In a given day, a child may endure an argument with a friend, a disapproving remark from a teacher, a bad grade, or any other number of discouraging experiences. As a parent, you want your child to move past these experiences, learn from them, and maintain a positive outlook. The best way for you to help them with this, is to make sure they always feel encouraged and inspired. Unfortunately, many of the things that parents do and say may not work as well as they intend. If you want to raise resilient and positive children, try a few of the following techniques.
1. Acknowledge Effort Regardless of Results
Think about the things you say to your children when they succeed. Do any of the following phrases sound familiar?
- You are so smart!
- You are such a great athlete!
Then, when they don’t succeed, you probably encourage them to work harder, and to try again next time. If this is true, you aren’t alone. This is probably how most parents encourage their children. After all, doesn’t it make sense to praise children when they do well, and encourage them when they do poorly?
As it turns out, giving this kind of praise doesn’t have the intended effect at all. Children who are complimented on their achievements are actually less likely to work hard and try to improve themselves. Instead, they tend to stick to safe activities where they know they will succeed and get the praise that they crave. They also tend to become competitive in an unhealthy way. They don’t just seek praise, they also want to know that they are receiving more praise than others.
The children who benefit most from praise are the ones whose parents acknowledge effort over results. These kids tend to work harder and challenge themselves because it is their hard work that earns them the positive affirmations that they crave from their parents. Here are a few phrases that praise effort instead of results.
- I know you spent a long time working hard on that project.
- You sure broke a sweat out there on the court.
- You’ve really been studying hard to memorize those vocabulary words.
- You practiced for two whole hours! I’m proud of you..
2. Ask Open Ended Questions
One way to raise a child who feels inspired and encouraged is to simply let them speak, and to genuinely listen to them. You can do this by replacing questions that can be answered yes or no, with open ended questions that allow your child to speak about what is going on in their lives. You can take this one step further by responding to what they say with even more open ended questions such as, ‘Why do you think that happened?’ or ‘How did you feel when she said that to you?’. This accomplishes two things. First, you are avoiding the tendency that many parents have to turn conversations into lectures or instructional sessions. In addition to that, you are also encouraging your child to get to know themselves and explore their own feelings a bit more. Remember that it is crucial that your child walks away from discussions with you feeling encouraged and not criticized.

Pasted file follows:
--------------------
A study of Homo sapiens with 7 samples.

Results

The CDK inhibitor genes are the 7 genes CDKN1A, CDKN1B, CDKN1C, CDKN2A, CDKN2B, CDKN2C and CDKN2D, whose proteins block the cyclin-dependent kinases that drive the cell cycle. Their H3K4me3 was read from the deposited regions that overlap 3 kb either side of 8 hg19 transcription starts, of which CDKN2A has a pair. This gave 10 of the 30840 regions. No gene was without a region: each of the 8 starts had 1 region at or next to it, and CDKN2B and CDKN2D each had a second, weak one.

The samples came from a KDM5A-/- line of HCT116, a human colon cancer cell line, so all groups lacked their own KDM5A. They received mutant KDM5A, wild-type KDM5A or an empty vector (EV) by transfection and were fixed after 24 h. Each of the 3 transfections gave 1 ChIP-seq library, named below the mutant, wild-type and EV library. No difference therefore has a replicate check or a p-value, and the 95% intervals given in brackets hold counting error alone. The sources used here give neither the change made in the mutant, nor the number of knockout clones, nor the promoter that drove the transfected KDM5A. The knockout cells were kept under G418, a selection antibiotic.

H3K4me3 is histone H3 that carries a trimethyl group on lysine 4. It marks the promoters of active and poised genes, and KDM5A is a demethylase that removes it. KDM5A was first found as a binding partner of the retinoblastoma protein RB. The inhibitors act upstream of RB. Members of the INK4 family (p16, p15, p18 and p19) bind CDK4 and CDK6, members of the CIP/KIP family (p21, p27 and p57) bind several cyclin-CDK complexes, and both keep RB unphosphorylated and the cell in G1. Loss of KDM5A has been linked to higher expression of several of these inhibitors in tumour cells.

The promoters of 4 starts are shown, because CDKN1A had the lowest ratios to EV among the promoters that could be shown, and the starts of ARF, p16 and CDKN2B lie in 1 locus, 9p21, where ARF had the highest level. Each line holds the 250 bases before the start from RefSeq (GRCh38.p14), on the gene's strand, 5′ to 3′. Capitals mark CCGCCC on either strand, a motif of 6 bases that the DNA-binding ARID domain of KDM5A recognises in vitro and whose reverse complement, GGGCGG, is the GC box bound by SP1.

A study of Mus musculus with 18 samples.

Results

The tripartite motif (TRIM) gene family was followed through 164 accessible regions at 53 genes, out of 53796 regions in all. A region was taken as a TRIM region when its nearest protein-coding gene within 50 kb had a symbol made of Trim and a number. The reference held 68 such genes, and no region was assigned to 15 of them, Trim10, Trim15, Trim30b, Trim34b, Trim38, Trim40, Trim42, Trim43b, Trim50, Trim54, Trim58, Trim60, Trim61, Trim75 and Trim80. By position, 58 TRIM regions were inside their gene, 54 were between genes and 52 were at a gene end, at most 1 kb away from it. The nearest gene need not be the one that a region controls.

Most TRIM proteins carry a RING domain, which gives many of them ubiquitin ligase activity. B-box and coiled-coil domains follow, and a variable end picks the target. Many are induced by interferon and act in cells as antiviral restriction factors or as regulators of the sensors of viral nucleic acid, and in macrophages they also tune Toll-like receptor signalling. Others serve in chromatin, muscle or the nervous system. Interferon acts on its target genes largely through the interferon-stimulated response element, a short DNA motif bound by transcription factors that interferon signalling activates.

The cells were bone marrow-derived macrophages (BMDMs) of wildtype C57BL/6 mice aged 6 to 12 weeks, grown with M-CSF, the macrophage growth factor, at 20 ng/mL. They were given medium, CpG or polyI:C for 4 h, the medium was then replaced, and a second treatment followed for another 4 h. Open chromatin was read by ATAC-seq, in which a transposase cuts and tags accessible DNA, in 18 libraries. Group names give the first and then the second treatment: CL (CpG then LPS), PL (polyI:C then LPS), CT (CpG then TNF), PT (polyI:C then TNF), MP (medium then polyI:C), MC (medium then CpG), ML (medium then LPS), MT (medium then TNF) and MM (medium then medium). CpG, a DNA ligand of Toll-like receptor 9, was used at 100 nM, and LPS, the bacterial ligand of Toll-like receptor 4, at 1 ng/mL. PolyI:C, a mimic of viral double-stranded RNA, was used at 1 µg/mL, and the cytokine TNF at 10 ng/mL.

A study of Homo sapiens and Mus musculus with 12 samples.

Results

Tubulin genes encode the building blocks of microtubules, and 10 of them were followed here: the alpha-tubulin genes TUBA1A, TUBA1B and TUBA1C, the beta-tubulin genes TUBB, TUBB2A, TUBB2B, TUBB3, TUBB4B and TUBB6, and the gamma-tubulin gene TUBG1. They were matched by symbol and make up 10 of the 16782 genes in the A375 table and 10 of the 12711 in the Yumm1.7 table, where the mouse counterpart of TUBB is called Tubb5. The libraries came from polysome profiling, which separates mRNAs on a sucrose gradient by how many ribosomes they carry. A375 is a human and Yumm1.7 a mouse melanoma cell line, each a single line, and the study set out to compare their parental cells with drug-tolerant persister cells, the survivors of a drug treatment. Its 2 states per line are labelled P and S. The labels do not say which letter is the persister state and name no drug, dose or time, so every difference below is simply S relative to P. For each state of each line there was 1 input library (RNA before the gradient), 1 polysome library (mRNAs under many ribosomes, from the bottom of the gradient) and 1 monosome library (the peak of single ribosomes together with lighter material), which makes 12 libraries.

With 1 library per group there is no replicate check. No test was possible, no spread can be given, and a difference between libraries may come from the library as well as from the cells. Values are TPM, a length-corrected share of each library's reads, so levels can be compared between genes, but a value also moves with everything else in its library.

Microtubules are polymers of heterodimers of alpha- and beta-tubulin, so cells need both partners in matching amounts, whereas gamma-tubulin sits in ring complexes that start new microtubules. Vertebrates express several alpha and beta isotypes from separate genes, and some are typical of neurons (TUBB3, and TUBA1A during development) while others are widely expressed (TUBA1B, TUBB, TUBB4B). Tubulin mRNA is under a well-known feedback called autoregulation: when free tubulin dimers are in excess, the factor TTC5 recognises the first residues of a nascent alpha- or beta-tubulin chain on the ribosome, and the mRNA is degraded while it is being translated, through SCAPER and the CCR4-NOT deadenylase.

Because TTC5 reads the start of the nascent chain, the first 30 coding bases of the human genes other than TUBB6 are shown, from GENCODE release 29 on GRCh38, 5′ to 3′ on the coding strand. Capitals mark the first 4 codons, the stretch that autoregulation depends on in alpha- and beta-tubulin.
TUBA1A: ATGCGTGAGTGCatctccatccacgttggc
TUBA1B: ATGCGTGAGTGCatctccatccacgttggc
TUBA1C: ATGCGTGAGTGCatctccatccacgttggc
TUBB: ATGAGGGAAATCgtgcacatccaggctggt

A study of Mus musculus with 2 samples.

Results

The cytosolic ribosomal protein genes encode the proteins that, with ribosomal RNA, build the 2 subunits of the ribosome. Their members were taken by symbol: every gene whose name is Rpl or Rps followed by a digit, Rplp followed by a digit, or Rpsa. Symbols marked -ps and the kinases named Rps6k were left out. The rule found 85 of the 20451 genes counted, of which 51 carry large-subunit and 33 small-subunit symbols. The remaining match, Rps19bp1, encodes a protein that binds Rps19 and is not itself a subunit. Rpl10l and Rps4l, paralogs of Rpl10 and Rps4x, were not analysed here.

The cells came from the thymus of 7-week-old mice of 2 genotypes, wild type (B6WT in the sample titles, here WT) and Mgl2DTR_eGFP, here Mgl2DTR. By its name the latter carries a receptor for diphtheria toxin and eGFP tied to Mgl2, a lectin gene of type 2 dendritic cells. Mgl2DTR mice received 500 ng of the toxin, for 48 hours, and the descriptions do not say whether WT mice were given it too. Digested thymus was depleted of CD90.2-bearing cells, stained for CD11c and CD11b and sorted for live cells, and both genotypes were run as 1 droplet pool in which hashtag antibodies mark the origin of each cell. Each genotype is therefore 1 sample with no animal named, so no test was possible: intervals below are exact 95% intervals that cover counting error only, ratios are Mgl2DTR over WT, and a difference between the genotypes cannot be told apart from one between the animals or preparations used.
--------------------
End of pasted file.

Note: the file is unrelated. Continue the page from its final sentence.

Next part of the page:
3. Be Open About Your Failures
Many times, when children fail at something or make a mistake, they feel as if they are the only person in the world who could have possibly messed up that badly. Not only is this feeling terribly isolating, it can also cause your child to feel extremely discouraged. It is during these times that they need to be inspired to pick themselves up and forward. One of the best things that you can do as a parent to help them is to share stories of your mistakes and failures, and then show how you were able to recover and move on. When you do this, your child will see that they aren’t the only one who falls short at times, and that there is no mistake they can make from which they cannot move on.
4. Let Them Tell You How You Can Help
One issue that many parents run into when trying to encourage their children is the tendency to help on their terms, and not on the child’s terms. For example, after a disappointing loss, the parent of a young baseball player might spend the car ride home offering lots of sympathy and encouragement. They may even stop to pick up a treat in an effort to cheer the child up.
All of this is wonderful, if these are the things that truly make the child feel better. Unfortunately, if this is not what the child needs, they may end up feeling more frustrated and discouraged. This is why, one of the most loving things a parent can do for a child is to simply ask them what they need when they are discouraged or disappointed and then listen to what they say. It may be that the child simply needs some time, left alone, to process what happened and sort out their own feelings without a lot of discussion.